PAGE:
Biomarker Platform That May Track Huntington’s Decades Before Symptom Onset Receives FDA Letter of Support

Biomarker Platform That May Track Huntington’s Decades Before Symptom Onset Receives FDA Letter of Support

The U.S. Food and Drug Administration (FDA) has issued a letter of support encouraging sRNAlytics to further develop its sRNA-FIND platform for discovering and monitoring variants of small RNA molecules that may work as biomarkers for tracking progression of Huntington’s disease decades before symptom onset.

In addition, these biomarkers may help assess the efficacy of investigational therapies in clinical trials.

“The use of objective biomarkers to assess Huntington’s Disease in clinical trials will enable us to more accurately determine if treatments are effective. sRNAlytics’ discovery of an objective biomarker will help transform the way we think about therapeutic development and treating patients,” Blair Leavitt, professor at the University of British Columbia, said in a press release.

Currently, no biomarkers are available to detect Huntington’s disease before the onset of symptoms. Monitoring of disease progression relies on clinical measures, such as the Unified Huntington’s Disease Rating Scale and total functional capacity score. However, these measures provide limited information about disease progression in the disease’s pre-symptomatic phase.

In the body, DNA is transformed into RNA, then a process called translation begins which gives rise to proteins. Small RNAs are a type of non-coding RNA molecule that are many times involved in regulating the translation of target RNAs into proteins.

Through its sRNA-FIND platform — an artificial-intelligence computational platform that analyzes small RNA sequencing data — sRNAlytics discovered a group of small RNAs (microRNAs), called isomiRs, that are present in brain tissue samples of deceased Huntington’s patients but not in healthy controls or patients with Parkinson’s disease. These small RNAs significantly correlated with disease grade and degeneration of neurons in a brain region called the striatum — an area involved in movement initiation, response selection, and attention processes.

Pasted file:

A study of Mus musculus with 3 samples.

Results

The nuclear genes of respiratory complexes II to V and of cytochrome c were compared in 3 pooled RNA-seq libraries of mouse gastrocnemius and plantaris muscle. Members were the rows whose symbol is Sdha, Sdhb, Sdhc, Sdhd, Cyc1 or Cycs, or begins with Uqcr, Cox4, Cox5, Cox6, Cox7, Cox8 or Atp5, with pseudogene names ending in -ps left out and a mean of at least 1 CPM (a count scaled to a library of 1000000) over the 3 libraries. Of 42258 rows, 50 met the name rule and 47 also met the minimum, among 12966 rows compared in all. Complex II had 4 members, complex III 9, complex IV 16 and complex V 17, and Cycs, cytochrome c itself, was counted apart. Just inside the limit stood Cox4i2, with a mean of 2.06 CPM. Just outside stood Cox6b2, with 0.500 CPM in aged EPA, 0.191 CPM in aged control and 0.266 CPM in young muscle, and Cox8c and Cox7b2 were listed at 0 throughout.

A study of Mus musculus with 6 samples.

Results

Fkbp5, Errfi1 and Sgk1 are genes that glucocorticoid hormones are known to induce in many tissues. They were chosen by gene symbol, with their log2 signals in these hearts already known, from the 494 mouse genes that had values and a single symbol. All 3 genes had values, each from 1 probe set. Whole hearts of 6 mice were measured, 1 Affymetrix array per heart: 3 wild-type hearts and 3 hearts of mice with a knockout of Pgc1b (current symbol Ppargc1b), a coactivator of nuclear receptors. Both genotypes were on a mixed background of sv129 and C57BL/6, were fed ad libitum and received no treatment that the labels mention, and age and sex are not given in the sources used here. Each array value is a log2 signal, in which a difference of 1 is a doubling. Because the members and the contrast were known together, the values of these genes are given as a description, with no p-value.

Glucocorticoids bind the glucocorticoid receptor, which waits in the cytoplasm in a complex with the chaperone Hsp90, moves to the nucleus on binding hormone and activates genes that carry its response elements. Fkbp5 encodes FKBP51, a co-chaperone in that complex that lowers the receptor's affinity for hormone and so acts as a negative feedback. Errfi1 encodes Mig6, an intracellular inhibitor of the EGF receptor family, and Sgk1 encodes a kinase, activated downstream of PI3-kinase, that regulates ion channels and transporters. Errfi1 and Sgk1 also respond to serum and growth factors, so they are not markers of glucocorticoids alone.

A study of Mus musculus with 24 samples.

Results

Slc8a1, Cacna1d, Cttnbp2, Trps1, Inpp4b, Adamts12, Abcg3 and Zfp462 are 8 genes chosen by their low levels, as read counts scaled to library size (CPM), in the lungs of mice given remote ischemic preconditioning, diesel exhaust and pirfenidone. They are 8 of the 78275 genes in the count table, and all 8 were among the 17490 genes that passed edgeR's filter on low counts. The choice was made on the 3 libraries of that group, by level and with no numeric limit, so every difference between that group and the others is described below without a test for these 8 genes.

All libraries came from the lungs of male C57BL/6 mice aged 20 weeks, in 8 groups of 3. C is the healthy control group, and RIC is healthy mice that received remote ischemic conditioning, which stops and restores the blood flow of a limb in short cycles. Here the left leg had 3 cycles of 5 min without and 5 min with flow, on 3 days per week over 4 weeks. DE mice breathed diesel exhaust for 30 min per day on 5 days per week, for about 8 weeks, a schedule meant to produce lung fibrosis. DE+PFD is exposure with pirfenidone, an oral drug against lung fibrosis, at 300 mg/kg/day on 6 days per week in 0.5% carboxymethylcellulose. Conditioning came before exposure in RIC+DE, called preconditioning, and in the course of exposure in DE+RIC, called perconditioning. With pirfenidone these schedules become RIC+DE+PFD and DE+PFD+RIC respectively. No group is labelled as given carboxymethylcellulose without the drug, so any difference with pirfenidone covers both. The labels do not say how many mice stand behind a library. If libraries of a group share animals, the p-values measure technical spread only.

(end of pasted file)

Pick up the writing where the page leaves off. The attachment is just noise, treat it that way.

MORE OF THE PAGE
In collaboration with professor Richard Myers at Boston University School of Medicine and his team, sRNAlytics researchers assessed the presence of these biomarkers in the cerebrospinal fluid (CSF) — which surrounds the brain and spinal cord — of patients enrolled in the PREDICT-HD trial (NCT00051324).

They found that the small RNA biomarkers could be detected in patients who were predicted to be 20 years prior to the onset of symptoms. Additionally, the biomarkers correlated significantly with disease progression and loss of motor function.

“The small RNA profiles that sRNAlytics identified represent the most promising approach to test efficacy that I have seen to date,” Myers said. “The FDA’s recognition of these findings is an important step forward in validating their technology and accelerating their future use in clinical trials.”

sRNAlytics is currently testing their biomarkers in two additional Huntington’s studies, using CSF from 126 Huntington’s disease patients and 50 matched controls.

The company is also collaborating with Huntington’s therapy developers to identify more biomarkers using its sRNA-FIND platform.

“Receiving the Letter of Support is a major milestone in the development of our platform. In a few years, we’ll be able to look back and know that we played a role in delivering game-changing therapies for patients,” said David W. Salzman, CEO of sRNAlytics.

Patricia holds her Ph.D. in Cell Biology from University Nova de Lisboa, and has served as an author on several research projects and fellowships, as well as major grant applications for European Agencies. She also served as a PhD student research assistant in the Laboratory of Doctor David A. Fidock, Department of Microbiology & Immunology, Columbia University, New York.